ZFS mirror install /mnt is empty
paul at kraus-haus.org
Tue May 14 13:15:35 UTC 2013
On May 14, 2013, at 12:10 AM, Shane Ambler <FreeBSD at ShaneWare.Biz> wrote:
> When it comes to disk compression I think people overlook the fact that
> it can impact on more than one level.
Compression has effects at multiple levels:
1) CPU resources to compress (and decompress) the data
2) Disk space used
3) I/O to/from disks
> The size of disks these days means that compression doesn't make a big
> difference to storage capacity for most people and 4k blocks mean little
> change in final disk space used.
The 4K block issue is *huge* if the majority of your data is less than 4K files. It is also large when you consider that a 5K file will not occupy 8K on disk. I am not a UFS on FreeBSD expert, but UFS on Solaris uses a default block size of 4K but has a fragment size of 1K. So files are stored on disk with 1K resolution (so to speak). By going to a 4K minimum block size you are forcing all data up to the next 4K boundary.
Now, if the majority of your data is in large files (1MB or more), then the 4K minimum black size probably gets lost in the noise.
The other factor is the actual compressibility of the data. Most media files (JPEG, MPEG, GIF, PNG, MP3, AAC, etc.) are already compressed and trying to compress them again is not likely to garner any real reduction inn size. In my experience with the default compression algorithm (lzjb), even uncompressed audio files (.AIFF or .WAV) do not compress enough to make the CPU overhead worthwhile.
> One thing people seem to miss is the fact that compressed files are
> going to reduce the amount of data sent through the bottle neck that is
> the wire between motherboard and drive. While a 3k file compressed to 1k
> still uses a 4k block on disk it does (should) reduce the true data
> transferred to disk. Given a 9.1 source tree using 865M, if it
> compresses to 400M then it is going to reduce the time to read the
> entire tree during compilation. This would impact a 32 thread build more
> than a 4 thread build.
If the data does not compress well, then you get hit with the CPU overhead of compression to no bandwidth or space benefit. How compressible is the source tree ? [Not a loaded question, I haven't tried to compress it]
> While it is said that compression adds little overhead, time wise,
Compression most certainly DOES add overhead in terms of time, based on the speed of your CPU and how busy your system is. My home server is an HP Proliant Micro with a dual core AMD N36 running at 1.3 GHz. Turning on compression hurts performance *if* I am getting less than 1.2:1 compression ratio (5 drive RAIDz2 of 1TB Enterprise disks). Above that the I/O bandwidth reduction due to the compression makes up for the lost CPU cycles. I have managed servers where each case prevailed… CPU limited so compression hurt performance and I/O limited where compression helped performance.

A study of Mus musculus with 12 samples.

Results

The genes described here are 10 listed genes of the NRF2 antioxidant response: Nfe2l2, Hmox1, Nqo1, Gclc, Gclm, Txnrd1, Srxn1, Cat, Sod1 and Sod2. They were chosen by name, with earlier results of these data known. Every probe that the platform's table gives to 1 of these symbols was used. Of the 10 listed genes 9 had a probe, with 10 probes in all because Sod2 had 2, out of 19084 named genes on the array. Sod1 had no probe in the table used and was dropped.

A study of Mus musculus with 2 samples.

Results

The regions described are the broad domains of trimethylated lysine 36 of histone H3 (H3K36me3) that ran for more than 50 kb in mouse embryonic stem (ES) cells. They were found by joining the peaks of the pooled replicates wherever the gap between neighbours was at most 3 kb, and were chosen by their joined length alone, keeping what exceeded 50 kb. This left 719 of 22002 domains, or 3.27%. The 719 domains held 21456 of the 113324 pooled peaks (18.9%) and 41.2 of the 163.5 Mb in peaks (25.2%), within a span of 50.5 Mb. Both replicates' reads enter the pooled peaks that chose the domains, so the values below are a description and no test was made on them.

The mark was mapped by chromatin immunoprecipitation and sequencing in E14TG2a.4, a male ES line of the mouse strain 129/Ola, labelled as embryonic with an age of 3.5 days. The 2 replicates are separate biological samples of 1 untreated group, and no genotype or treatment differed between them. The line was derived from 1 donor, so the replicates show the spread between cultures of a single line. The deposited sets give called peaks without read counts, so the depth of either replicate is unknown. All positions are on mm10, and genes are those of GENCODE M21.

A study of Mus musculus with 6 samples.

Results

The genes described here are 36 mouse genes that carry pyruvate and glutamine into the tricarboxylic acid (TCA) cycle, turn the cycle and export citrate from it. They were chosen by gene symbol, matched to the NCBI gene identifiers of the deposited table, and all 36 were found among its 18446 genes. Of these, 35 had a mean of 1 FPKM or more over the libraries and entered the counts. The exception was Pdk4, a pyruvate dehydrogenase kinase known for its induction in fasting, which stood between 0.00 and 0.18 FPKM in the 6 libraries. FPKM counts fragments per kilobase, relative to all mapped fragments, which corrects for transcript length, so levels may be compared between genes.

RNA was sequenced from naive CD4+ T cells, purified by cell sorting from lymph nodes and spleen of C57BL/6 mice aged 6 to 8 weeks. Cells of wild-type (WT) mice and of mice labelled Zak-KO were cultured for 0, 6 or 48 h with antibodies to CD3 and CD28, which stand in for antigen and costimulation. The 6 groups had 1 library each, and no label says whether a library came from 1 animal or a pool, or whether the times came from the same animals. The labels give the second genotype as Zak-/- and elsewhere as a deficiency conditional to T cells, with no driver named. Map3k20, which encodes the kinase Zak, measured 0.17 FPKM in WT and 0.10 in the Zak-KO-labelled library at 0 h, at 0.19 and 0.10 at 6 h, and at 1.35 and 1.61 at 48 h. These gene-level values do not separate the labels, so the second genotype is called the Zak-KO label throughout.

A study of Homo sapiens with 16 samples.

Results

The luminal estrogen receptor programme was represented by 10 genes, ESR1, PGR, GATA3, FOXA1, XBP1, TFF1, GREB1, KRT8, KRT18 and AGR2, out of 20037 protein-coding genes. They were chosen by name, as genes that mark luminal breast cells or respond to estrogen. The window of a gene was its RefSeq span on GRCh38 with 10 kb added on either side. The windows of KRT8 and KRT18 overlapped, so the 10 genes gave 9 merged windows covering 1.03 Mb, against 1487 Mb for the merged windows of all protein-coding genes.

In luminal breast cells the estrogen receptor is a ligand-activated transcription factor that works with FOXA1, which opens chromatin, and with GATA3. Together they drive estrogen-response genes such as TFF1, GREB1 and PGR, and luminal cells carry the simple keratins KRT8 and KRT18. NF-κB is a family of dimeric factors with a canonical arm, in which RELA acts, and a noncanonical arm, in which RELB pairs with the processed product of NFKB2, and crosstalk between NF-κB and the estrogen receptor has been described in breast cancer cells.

> it is
> going to take time to compress the data which is going to increase
> latency. Going from a 6ms platter disk latency to a 0.2ms SSD latency
> gives a noticeable improvement to responsiveness. Adding compression is
> going to bring that back up - possibly higher than 6ms.
Interesting point. I am not sure of the data flow through the code to know if compression has a defined latency component, or is just throughput limited by CPU cycles to do the compression.
> Together these two factors may level out the total time to read a file.
> One question there is whether the zfs cache uses compressed file data
> therefore keeping the latency while eliminating the bandwidth.
Data cached in the ZFS ARC or L2ARC is uncompressed. Data sent via zfs send / zfs receive is uncompressed; there had been talk of an option to send / receive compressed data, but I do not think it has gone anywhere.
> Personally I have compression turned off (desktop). My thought is that
> the latency added for compression would negate the bandwidth savings.
> For a file server I would consider turning it on as network overhead is
> going to hide the latency.
Once again, it all depends on the compressibility of the data, the available CPU resources, the speed of the CPU resources, and the I/O bandwidth to/from the drives.
Note also that RAIDz (RAIDz2, RAIDz3) have their own computational overhead, so compression may be a bigger advantage in this case than in the case of a mirror, as the RAID code will have less data to process after being compressed.